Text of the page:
Health Law Push Brings Thousands Into Colo. Medicaid Who Were Already Eligible

The big marketing push to get people enrolled in health coverage between October and March resulted in 3 million people signing up for Medicaid.

Colorado capitol by Jesse Varner via Flickr

Hundreds of thousands of those people were children who were already eligible and could have signed up even before the Affordable Care Act made coverage much more generous.

They came “out of the woodwork” to get enrolled, analysts say, thanks to the Affordable Care Act’s individual mandate and publicity around its new marketplaces.

In Colorado, nearly 23,000 such children are now getting Medicaid. Their numbers grew Colorado’s Medicaid rolls by 3 percent over last year.

Colorado is one the first of the states that are expanding their Medicaid programs to report how many people coming into the health insurance program for low-income residents could have had coverage before the health law was implemented.

State officials in Washington say 91,000 previously eligible but not enrolled residents got on Medicaid between October and March.

State Medicaid Director Sue Birch said Colorado enrolled 22,784 previously eligible kids in Medicaid and the Children’s Health Insurance Plan (CHIP) from Oct. 1 — when the state marketplace opened — until Feb. 28. Overall, including people who were eligible because of the expansion, Colorado’s Medicaid rolls grew by 23 percent during that period.

The health law called for states to expand Medicaid to anyone earning up to 138 percent of the federal poverty level (about $11,670 for an individual and $23,850 for a family of four), but the Supreme Court said that had to be voluntary. About half the states have opted not to expand.

It was widely assumed that there would be a woodwork effect, but estimates of how many previously-eligible people enrolled around the country are just now starting to come in.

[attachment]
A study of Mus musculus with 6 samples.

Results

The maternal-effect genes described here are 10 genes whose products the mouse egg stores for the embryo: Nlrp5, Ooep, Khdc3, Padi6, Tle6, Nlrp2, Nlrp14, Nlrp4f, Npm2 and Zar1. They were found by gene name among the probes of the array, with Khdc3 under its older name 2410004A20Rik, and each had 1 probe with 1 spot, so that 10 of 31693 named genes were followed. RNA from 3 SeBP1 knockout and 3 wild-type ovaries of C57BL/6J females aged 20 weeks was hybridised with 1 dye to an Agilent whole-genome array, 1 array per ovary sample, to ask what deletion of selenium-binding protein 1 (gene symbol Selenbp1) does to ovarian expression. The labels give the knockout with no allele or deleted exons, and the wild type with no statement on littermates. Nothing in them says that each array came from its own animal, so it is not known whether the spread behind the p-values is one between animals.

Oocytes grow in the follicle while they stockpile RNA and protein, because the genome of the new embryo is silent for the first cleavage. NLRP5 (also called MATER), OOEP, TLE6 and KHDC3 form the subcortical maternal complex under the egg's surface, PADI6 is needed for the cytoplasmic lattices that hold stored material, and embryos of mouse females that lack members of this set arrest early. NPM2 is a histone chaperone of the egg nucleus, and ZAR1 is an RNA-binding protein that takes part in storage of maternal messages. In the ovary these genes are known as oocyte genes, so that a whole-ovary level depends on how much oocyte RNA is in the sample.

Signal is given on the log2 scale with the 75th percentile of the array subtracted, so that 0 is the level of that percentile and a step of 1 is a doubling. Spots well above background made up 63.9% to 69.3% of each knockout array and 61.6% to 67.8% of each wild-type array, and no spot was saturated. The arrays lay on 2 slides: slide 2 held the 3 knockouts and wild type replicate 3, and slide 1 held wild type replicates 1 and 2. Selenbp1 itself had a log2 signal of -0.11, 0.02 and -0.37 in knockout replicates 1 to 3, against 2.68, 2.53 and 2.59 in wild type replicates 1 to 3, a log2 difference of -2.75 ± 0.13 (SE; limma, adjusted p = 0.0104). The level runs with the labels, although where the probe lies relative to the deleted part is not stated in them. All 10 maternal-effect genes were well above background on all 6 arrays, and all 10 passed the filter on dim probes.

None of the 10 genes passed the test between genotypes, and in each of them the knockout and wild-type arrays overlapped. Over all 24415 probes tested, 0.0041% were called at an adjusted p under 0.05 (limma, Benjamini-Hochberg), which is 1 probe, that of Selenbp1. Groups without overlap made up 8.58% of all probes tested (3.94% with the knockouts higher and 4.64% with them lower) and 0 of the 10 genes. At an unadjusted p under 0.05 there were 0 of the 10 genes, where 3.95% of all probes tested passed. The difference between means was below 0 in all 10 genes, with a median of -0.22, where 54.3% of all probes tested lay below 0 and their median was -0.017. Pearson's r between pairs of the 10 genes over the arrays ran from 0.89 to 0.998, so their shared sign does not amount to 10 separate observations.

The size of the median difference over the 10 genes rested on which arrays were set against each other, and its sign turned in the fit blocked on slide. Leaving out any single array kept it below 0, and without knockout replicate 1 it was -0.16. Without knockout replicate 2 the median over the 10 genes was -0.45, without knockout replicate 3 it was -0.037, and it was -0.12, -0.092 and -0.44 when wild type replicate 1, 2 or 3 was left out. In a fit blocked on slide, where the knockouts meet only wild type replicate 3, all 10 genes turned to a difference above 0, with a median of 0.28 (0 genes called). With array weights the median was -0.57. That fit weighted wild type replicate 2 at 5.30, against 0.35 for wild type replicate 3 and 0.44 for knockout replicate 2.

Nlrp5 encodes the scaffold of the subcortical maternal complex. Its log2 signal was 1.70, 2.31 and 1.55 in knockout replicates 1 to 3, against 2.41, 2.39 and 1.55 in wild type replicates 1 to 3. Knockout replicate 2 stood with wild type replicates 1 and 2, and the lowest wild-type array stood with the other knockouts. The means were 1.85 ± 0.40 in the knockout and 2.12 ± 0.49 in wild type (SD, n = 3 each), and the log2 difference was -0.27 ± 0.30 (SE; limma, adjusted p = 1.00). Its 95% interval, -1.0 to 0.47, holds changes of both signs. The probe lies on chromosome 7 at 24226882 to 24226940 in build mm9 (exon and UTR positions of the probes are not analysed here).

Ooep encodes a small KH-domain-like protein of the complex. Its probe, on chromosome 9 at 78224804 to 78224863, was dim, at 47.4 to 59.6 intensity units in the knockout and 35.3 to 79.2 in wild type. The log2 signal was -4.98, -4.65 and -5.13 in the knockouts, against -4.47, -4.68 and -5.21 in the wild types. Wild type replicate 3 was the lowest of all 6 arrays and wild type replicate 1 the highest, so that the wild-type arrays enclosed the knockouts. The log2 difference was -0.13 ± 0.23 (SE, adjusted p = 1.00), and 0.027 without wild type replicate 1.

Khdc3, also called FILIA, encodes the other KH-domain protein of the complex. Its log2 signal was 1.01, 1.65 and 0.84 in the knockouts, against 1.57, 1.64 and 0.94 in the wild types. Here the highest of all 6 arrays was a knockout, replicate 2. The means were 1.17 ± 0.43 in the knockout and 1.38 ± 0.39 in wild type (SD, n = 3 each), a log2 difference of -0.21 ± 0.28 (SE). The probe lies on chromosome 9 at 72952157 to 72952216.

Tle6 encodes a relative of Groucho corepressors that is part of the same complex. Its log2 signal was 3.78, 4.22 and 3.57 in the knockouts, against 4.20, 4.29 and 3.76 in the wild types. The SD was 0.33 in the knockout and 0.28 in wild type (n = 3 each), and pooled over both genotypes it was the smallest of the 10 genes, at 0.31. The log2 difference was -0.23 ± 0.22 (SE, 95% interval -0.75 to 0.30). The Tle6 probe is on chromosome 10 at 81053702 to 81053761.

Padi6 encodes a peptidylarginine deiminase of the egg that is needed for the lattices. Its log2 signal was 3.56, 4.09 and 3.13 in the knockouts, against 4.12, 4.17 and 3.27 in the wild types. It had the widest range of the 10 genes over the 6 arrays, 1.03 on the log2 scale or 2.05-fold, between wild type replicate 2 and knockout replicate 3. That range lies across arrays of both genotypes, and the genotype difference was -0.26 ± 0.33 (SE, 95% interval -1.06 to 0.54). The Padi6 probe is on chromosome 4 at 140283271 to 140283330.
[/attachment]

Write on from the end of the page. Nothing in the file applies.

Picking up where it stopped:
The Centers for Medicare & Medicaid Services last week released a preliminary tally of Medicaid enrollment by state from October through Feb. 28.

The woodwork effect number is easier to estimate in states that didn’t expand Medicaid, because most of any surge in new enrollments between October and March is generally considered to be related to ACA-related marketing and news.

Montana, Idaho and Florida, all non-expansion states, saw their enrollment grow 7 and 8 percent.

Medicaid enrollment fell in seven other non-expansion states. The biggest drop was 7 percent in Nebraska.

The conservative American Action Forum portrays the woodwork effect as an additional burden put on states, whether they backed the law or not.

Birch says she’s “certainly very pleased” that publicity around the ACA resulted in more children who were previously eligible for Medicaid and CHIP getting enrolled in Colorado.

She says the surge in enrollment is the result of more than a year’s worth of work on multiple fronts. The state used a $20 million federal grant to upgrade the state’s old and notoriously clunky Medicaid enrollment software. It then partnered with the state’s food assistance program to help target potential Medicaid and CHIP recipients.

Birch says her agency aimed to enroll a total of 160,000 Coloradans between October and the end of March. State figures show it signed up 158,521 by the end of February.

“We are really pleased that we are probably the first state in the country to meet our targeted goal so closely,” Birch said.

CLARIFICATION: This post was updated at 12:50 p.m. to note that most of the new Colorado enrollees who were eligible before are children.

This story is part of a partnership between NPR and Kaiser Health News.